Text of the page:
Healthy Nevada Project

The Healthy Nevada Project is a now years-long effort to study the health of people living in the northern portion of Nevada, bounded by the Sierra on one side and the deserts of Utah on the other.

As a part of an effort to understand what health issues might be particular to people in the Nevada region, The Healthy Nevada Project is planning to sequence the DNA of 40,000 Nevadans. 

The people who consent to join in the project will have their exomes sequenced by personal genomics company Helix, but they will also have the option of choosing a digital genomics app from Helix’ online marketplace for free. 

Helix co-founder Justin Kao, said this choice is important for engaging participants in research, and improving their acceptance and understanding of genomics.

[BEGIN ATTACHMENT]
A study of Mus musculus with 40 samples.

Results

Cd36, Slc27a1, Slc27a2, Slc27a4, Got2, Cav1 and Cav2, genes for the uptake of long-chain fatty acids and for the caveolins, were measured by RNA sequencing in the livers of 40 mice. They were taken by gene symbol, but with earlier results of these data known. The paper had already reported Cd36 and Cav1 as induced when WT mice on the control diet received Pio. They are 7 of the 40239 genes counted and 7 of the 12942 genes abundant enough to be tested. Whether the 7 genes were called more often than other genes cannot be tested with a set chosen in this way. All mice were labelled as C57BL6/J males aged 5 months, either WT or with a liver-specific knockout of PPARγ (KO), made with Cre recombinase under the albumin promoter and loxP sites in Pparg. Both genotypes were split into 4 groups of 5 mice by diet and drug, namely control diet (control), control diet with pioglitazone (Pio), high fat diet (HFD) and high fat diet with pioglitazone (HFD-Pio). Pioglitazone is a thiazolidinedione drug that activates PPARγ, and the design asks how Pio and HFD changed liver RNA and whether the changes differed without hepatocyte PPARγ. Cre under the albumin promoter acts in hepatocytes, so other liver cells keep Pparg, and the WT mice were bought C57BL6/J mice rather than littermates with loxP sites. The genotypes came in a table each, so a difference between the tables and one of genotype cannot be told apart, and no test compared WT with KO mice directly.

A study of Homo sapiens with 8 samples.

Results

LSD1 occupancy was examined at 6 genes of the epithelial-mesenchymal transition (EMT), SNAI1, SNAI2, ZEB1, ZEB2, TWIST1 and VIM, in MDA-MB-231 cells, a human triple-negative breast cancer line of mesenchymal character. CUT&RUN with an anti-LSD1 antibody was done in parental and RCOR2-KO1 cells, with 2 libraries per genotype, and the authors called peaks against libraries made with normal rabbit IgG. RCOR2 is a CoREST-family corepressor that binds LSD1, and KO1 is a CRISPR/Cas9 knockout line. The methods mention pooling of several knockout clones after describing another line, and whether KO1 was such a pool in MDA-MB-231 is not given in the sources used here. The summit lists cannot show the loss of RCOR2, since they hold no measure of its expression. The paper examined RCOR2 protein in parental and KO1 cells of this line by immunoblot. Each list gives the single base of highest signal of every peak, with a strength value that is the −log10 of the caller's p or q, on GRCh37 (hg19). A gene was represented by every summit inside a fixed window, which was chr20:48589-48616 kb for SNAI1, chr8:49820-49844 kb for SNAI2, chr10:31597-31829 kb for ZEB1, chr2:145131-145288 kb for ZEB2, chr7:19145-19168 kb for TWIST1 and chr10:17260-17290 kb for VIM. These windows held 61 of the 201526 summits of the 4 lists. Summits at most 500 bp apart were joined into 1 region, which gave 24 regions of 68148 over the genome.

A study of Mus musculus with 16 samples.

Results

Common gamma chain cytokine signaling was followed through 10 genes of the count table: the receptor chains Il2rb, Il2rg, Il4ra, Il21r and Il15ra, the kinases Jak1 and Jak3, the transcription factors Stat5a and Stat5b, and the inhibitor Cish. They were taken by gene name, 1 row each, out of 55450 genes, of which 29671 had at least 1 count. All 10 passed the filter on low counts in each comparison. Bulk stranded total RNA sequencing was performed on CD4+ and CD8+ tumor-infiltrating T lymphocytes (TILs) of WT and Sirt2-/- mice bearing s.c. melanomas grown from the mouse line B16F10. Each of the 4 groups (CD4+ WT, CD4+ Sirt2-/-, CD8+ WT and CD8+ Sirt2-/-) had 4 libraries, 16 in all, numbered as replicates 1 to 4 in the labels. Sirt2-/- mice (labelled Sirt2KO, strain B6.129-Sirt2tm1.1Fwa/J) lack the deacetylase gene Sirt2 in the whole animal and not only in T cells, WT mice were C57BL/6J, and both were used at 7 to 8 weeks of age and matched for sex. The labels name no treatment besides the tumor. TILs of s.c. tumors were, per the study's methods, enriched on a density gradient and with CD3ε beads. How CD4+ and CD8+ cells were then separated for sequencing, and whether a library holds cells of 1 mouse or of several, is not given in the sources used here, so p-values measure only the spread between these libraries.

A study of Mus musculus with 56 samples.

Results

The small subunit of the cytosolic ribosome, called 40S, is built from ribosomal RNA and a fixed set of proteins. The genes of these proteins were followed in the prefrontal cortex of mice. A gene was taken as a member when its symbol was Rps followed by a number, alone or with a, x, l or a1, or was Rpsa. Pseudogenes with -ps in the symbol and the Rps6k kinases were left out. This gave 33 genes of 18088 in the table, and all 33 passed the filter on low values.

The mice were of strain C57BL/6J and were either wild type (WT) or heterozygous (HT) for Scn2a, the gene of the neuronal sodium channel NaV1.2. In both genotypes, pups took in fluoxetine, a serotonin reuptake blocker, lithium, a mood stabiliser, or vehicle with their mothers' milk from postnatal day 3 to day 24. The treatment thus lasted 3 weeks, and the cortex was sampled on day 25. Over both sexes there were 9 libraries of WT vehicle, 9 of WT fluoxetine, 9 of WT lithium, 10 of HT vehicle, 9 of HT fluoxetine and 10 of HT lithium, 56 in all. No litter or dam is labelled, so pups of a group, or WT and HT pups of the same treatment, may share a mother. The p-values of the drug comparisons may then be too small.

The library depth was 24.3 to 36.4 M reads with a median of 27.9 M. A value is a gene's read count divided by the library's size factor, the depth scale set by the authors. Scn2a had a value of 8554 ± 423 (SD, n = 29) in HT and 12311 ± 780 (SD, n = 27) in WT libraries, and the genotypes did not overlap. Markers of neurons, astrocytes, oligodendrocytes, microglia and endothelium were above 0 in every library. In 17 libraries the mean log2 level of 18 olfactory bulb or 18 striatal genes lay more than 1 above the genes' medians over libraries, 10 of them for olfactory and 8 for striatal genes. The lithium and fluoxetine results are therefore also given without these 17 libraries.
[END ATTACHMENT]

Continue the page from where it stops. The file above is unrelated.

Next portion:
During the pilot programme that was announced in September 2016, the project collected saliva samples from 10,000 Northern Nevadans with company 23andMe. 

“Our pilot phase used genotyping, which was a great start, but moving to exome sequencing and inviting an additional 40,000 people to participate will dramatically accelerate what we can learn about the human genome and has the potential to greatly improve preventative health and create incredible potential for new scientific discoveries,” Joseph Grzymski, principal investigator of the Healthy Nevada Project, said in a statement.

For instance, he said, Northern Nevada has a high rate of death from respiratory disease. Air quality in the region fluctuates from pristine to some of the worst in the country. 

“That’s one thing we could study,” Grzymski told Gizmodo. “You could imagine if we have enough data we might find some links between genetics and problems related to air quality.”

It’s unlikely, though, said Grzymski, that they’ll uncover some headline-grabbing mutation in the genetic code of Northern Nevadans.

“Do I expect to find a protective mutation because Nevadans have been isolated for a thousand years?” Grzymski joked. “No. Genetics is not going to solve every single problem. What we’re really trying to do is understand our population better and get people engaged in health conversations.”